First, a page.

A Ceramic Love Affair
Virginia Scotchie continues to contribute to the local and international art community
By ABE DANAHER
As Virginia Scotchie steps into her office, she is instantly greeted by two shelves brimming with the colors, shapes and product of her most recent ceramic work. Emerald green sculptures glint in the soft light of the room, and a jet black vessel adorned with rectangular clay seems to stand out from the rest.
But Scotchie’s worn hands slide past them, searching for one of the few works that she was able to bring back from a symposium she attended in Hungary this past summer. On the bottom shelf she finds it: a deep, bronze-colored sculpture with cylindrical tubes standing like pillars along its surface.
That piece, she says, shows a new style of ceramic art that she has recently been experimenting with, where she uses an extruder to shape the clay into hollow pipes. But it is also emblematic of an illustrious career that she has built off a simple love for making.
This love has made Scotchie the renowned ceramics artist she is today. Her work has been shown at exhibits across the world – from Columbia, South Carolina, to Taipai, Taiwan, to Sydney, Australia – and has received some of the field’s most prestigious international awards, such as the Sidney Myer Fund Premier Award in 2003.
She is also the head of the University of South Carolina’s ceramics department, where she has brought a wealth of knowledge and a passion for art to her classroom for the last 27 years.
“The reason I like being in the university atmosphere is because we do teach each other,” she says. “My students teach me things. It’s not a one way thing.”
In her time at USC, Scotchie has overseen major growth in the ceramics department. She has seen it grow from a program with one dough mixer and a few pedal-powered spinning wheels to the robust, six room, 21 kiln program that it is today. Now, she finds herself teaching students of all skill levels, from beginners to graduate students.
Her hope is that every student leaves her class knowing the great things clay can produce, and that they appreciate the process of how art is made.
“As one famous artist said, art just doesn’t jump out of the head of Zeus,” she says with a smile. “You have to work. I think that the students leave knowing that this is what it is like to make something. This is the different stages that you have to go through to have a completed piece in ceramics.”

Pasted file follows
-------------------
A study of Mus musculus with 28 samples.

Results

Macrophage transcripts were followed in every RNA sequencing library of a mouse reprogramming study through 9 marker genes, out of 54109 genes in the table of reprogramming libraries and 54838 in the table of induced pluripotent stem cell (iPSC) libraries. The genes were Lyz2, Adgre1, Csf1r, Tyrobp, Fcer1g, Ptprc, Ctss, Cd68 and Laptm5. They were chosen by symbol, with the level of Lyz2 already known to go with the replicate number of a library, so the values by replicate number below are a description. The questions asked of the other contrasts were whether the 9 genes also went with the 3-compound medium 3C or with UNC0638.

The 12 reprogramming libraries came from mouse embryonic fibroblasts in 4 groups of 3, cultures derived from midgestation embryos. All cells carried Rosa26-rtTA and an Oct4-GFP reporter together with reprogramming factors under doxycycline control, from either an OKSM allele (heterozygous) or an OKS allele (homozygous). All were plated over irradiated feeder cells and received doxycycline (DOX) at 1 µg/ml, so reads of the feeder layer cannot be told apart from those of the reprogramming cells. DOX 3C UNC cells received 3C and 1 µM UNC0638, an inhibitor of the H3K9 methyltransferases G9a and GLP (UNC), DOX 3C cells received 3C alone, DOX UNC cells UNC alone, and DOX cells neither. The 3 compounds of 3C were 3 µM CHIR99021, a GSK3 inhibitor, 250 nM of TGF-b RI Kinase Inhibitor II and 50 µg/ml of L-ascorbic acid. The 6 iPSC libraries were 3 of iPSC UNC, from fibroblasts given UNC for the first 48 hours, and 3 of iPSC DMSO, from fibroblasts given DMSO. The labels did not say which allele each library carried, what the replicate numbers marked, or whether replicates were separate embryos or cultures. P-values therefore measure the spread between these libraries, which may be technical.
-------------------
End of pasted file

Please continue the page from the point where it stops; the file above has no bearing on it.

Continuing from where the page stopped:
It is this idea of “making” that Scotchie has been in love with since she was little. Her mother first realized this as she watched her oldest of six children dig clay from the backyard and design art out of sticks. It led her to bring Virginia to a paper maché class – a class that to this day still sticks in Virginia’s head as the moment she realized her love for art.
As she grew older, this love never faded. Her first two years of college were spent at the University of North Carolina Asheville, where she took ceramics, sculpting and textile classes. But for the last two years of her undergraduate degree she attended the University of North Carolina Chapel Hill, where she double majored in sociology and religion.
“I didn’t even know you could major in art, even though I loved making art and I was always drawing or doing something with art,” Scotchie says. “You know, I just think it was in me.”
Upon graduating from Chapel Hill in 1977, she began an apprenticeship with a local potter and went to his studio every day to both help him and to create her own work.
“That apprenticeship was really good. That was it. I was like, ‘I’m doing this,’” she says now.
For the next five years Scotchie worked with local artists before entering a Master of Fine Arts program at Alfred University. She graduated from the program in 1985, was an assistant professor at West Virginia University and Indiana University for six years, and then in 1992 reached the final destination on her teaching track – the University of South Carolina.
Twenty-seven years have now passed since she joined USC’s faculty, and she is aware that her time teaching may be coming to a close. But she is not ready to think about the end of her teaching days yet. She is staying focused on her current students, her current art exhibit at Hidell Brooks Gallery in Charlotte during March, and the symposium she plans to attend this summer in Denmark.
In her heart of hearts, she knows that she still has a lot to offer her students and the world. As she clutches the bronze sculpture in front of her, its new style proof that she’s still growing as an artist, Scotchie mentions a memory from many years ago. She was in New York City watching Viola Frey, one of the country’s most renowned artists at the time, complete her last piece of work.
“Even in her wheelchair, she kept making work,” she remembers. “And so I was able to see the last piece she made. You could tell it was different, this woman was old and she was sick, but she was able to create this piece. She just never stopped.”
That’s Scotchie’s hope: to never stop making. Her teaching days may be winding down, but her days as an artist are still young.
“Artists never retire,” she says. “We don’t ever get to retire. We just keep making art and hopefully it keeps getting better.”